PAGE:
Have you welcomed home a new furry feline recently? Congratulations! That’s a big step to take and we know you may be feeling a bit overwhelmed.
Don’t panic yet! Yes, there are many important things you need to consider when you bring home a kitten, including food, accessories, and toys. In this blog, we’re going to answer your questions surrounding one of the most important pet topics: vaccines for cats. As a pet parent, you now need to know about which ones are essential and what the proper cat vaccine schedule is in Canada. Remember, required vaccines vary between dogs and cats and will also be impacted by your lifestyle!
What vaccines do indoor cats need?
Your cat is going to be staying indoors living an absolutely pampered life, so he or she has no need for vaccines, right? WRONG. Although your indoor cat isn’t at as much risk as outdoor cats, it’s still important you get them protected with the right vaccines.
Essentials vaccines for all cats, including indoor cats are:
- Rabies vaccine
- Panleukopenia (or feline distemper) vaccine
- Feline calicivirus vaccine
- Feline viral rhinotracheitis vaccine
Rabies vaccine for cats
Rabies is a fatal disease in cats, as well as many other animals (including humans). It is an acute viral infection of the nervous system and most people relate it to the “mad-dog” syndrome. However, cats are the most commonly reported rabid domestic animal in the United States, even above dogs. That’s why it’s essential that you protect your new kitty by getting a rabies vaccine.
Schedule for Cat Rabies Vaccine
If you’ve adopted a kitten, he or she can get a single dose as early as 8 weeks of age. Once your kitten hits a year, he or she will need to be revaccinated against rabies. Based on cat vaccination schedules in BC, there is a lot of variation in products, so talk to your vet about whether your cat will need to get annual boosters or wait every 3 years. If you’ve adopted an adult cat, get them a rabies vaccine right away and consult with your vet about whether to wait 1 – 3 years between boosters.
Always get your cat’s medical records whether you decide to buy from a breeder or adopt from a rescue agency!
The FVRCP vaccination is actually a combo shot that will protect against the other three major diseases that endanger cats: Panleukopenia (Feline Distemper), Feline Calicivirus, and Feline Herpesvirus or Feline Viral Rhinotracheitis.
Why are these diseases so dangerous for cats?
- Feline Distemper, a serious contagious disease, commonly strikes kittens and can be fatal
- Calicivirus is super contagious and causes upper respiratory issues along with other symptoms like joint pain, oral ulcerations, fever, and anorexia
- Feline herpesvirus causes feline viral rhinotracheitis (FVR), which is another very contagious upper respiratory condition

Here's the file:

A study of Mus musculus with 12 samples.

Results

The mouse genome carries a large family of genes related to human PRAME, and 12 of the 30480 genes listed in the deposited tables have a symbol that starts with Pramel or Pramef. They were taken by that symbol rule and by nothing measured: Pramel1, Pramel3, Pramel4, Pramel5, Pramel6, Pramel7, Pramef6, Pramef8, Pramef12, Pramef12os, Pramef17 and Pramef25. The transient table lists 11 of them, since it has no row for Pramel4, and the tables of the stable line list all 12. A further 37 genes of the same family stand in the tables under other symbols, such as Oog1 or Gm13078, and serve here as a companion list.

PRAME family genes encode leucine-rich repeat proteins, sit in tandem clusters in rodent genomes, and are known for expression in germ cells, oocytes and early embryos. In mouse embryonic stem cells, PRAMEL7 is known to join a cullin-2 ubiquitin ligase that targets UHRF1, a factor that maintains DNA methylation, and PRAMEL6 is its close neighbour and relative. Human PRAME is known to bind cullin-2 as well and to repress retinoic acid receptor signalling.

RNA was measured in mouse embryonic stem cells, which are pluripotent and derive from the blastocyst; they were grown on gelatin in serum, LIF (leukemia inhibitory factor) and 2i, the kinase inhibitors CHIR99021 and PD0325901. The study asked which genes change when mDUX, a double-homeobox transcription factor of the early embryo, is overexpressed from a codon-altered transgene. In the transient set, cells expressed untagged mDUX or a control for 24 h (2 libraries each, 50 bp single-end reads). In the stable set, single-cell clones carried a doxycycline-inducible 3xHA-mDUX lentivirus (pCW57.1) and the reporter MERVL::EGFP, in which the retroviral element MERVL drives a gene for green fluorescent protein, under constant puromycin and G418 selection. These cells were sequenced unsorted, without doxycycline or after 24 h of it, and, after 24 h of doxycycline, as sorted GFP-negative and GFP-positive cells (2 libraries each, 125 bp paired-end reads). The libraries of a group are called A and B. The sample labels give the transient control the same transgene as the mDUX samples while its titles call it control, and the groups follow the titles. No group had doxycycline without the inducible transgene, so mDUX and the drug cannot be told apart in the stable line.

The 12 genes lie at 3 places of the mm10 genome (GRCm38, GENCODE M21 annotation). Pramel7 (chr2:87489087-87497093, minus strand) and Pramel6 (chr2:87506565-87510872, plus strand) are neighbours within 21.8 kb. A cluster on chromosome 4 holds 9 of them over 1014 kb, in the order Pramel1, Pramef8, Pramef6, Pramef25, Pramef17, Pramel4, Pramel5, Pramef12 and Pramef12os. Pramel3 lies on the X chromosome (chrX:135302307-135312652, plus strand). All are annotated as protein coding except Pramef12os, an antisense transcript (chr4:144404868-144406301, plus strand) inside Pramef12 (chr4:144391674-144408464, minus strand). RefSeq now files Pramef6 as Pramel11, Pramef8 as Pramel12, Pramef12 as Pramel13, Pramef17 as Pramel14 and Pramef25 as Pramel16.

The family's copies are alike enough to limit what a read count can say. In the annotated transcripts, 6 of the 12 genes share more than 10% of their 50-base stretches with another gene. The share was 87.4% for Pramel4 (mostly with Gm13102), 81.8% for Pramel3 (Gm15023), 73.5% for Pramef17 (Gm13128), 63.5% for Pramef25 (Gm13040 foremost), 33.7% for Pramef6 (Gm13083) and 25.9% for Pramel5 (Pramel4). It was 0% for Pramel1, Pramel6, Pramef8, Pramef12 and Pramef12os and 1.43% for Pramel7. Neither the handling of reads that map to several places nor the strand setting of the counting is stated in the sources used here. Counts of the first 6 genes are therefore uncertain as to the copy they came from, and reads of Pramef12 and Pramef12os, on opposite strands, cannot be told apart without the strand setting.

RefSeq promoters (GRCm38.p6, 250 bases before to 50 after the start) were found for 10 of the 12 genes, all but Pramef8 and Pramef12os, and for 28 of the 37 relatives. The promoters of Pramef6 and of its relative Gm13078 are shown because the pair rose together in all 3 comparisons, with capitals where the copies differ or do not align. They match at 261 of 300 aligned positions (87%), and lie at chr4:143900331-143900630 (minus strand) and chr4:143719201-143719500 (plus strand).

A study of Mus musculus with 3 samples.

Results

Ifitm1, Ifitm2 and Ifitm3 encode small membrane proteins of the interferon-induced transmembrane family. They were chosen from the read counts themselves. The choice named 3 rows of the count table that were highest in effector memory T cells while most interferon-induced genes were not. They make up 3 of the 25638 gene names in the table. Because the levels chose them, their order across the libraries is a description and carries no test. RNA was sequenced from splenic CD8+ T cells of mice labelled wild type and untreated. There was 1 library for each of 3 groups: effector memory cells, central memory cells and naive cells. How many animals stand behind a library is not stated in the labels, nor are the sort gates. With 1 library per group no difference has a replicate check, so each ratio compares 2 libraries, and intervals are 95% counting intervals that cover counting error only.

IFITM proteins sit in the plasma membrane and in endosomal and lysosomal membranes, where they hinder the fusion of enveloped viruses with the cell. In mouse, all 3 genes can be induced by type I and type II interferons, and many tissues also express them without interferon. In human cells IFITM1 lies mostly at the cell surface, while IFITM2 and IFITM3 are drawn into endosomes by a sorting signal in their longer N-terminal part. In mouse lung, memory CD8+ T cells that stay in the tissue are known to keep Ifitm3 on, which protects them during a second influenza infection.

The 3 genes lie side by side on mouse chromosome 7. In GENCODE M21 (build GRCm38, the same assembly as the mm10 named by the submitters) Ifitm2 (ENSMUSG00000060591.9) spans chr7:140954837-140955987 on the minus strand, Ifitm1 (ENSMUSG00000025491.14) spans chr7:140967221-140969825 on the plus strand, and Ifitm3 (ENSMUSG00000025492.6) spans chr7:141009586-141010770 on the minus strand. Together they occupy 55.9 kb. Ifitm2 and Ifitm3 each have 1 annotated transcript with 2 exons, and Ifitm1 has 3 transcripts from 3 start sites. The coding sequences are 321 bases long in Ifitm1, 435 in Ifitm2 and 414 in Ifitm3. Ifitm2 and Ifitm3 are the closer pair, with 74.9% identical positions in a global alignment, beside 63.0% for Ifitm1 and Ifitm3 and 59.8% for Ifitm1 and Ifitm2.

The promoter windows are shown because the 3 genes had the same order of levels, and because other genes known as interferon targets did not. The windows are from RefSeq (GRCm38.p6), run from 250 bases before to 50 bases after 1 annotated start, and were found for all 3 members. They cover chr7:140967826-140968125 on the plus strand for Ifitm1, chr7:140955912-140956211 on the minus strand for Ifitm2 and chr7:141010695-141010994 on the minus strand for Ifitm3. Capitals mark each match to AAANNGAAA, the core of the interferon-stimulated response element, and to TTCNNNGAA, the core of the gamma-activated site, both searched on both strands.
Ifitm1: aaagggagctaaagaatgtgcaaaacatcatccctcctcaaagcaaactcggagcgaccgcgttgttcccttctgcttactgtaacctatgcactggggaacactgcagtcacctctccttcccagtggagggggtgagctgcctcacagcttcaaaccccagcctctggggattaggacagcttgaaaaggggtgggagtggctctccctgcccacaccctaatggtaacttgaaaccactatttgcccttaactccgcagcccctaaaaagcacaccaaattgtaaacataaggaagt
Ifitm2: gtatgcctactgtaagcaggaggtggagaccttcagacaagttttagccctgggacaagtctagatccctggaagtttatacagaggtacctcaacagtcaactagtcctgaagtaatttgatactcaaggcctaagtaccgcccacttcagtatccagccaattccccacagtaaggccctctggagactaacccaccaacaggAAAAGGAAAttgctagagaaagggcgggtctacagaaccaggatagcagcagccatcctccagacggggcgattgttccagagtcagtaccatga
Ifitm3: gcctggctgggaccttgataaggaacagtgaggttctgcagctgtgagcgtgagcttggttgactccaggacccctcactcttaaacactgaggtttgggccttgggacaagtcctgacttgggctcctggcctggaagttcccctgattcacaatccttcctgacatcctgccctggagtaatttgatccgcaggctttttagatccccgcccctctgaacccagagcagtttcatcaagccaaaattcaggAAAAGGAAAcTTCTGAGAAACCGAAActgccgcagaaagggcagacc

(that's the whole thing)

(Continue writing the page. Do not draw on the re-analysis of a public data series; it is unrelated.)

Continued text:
Schedule for Cat FVRCP Vaccine
Instead of needing to get 3 separate shots, your cat can get a FVRCP vaccination as early as 6 weeks of age. However, many vets recommend starting at 8 weeks of age and continuing with additional doses every three to four weeks until 16 weeks old. This means your cat will most likely get their FVRCP vaccine at 8 weeks, 12 weeks, and 16 weeks of age.
Typical Kitten Vaccination Schedule
We’ve put together a simple infographic to help you visual what a common cat vaccination schedule in Canada looks like:
Once cats reach adulthood, some doses of vaccines are still required. Here are some important cat vaccine schedules to remember:
- FVRCP - After your kitten’s final round of FVRCP, he or she will need a renewal at the 3 year mark
- Rabies vaccine - Required a year after first rabies shot and 3 years later
- Bordetella - Annual booster required
Other situational shots
Other non-core vaccines can be required depending on whether they go outside, whether they see other cats, and which diseases are common in your environment. It’s important to talk to your vet about your cat’s probable lifestyle and they’ll be able to recommend which additional vaccinations your cat will need, if any.
Non-essential vaccinations fight against the following diseases:
- Feline leukaemia (FeLV) is a serious viral infection that can be spread through an infected cat’s bodily fluids (saliva, feces, urine, and milk). If your cat is going to explore the great outdoors, it’s necessary to get a vaccine against feline leukaemia since there is no cure.
- We mentioned Bordetella before. It is highly contagious in spaces crowded with animals, so if you’re bringing your cat to a groomer, playdate, or kennel, it’s important to consider a Bordetella vaccine. Keep in mind that this vaccine won’t stop your cat from getting the disease, but it will help keep the sickness mild and managed
Kafka’s is a local fresh pet food business that aims to make a healthy food alternative and provide important information to pet parents all over Vancouver. Our fresh dog & cat meals meet AAFCO standards for a complete and balanced food. Not only can Kafka’s food be used as a full meal, but it can also be used as a meal mixer and topper. We work hard to source ingredients locally whenever in season, carefully produce meals in a human-grade kitchen, and deliver it right to your doorstep quickly! Read more about why fresh food is a great option for your precious pet here. Don’t know how to start adding fresh food to our furry friend’s diet? No worries check out our feeding calculator that will help no matter what feeding style you decide on.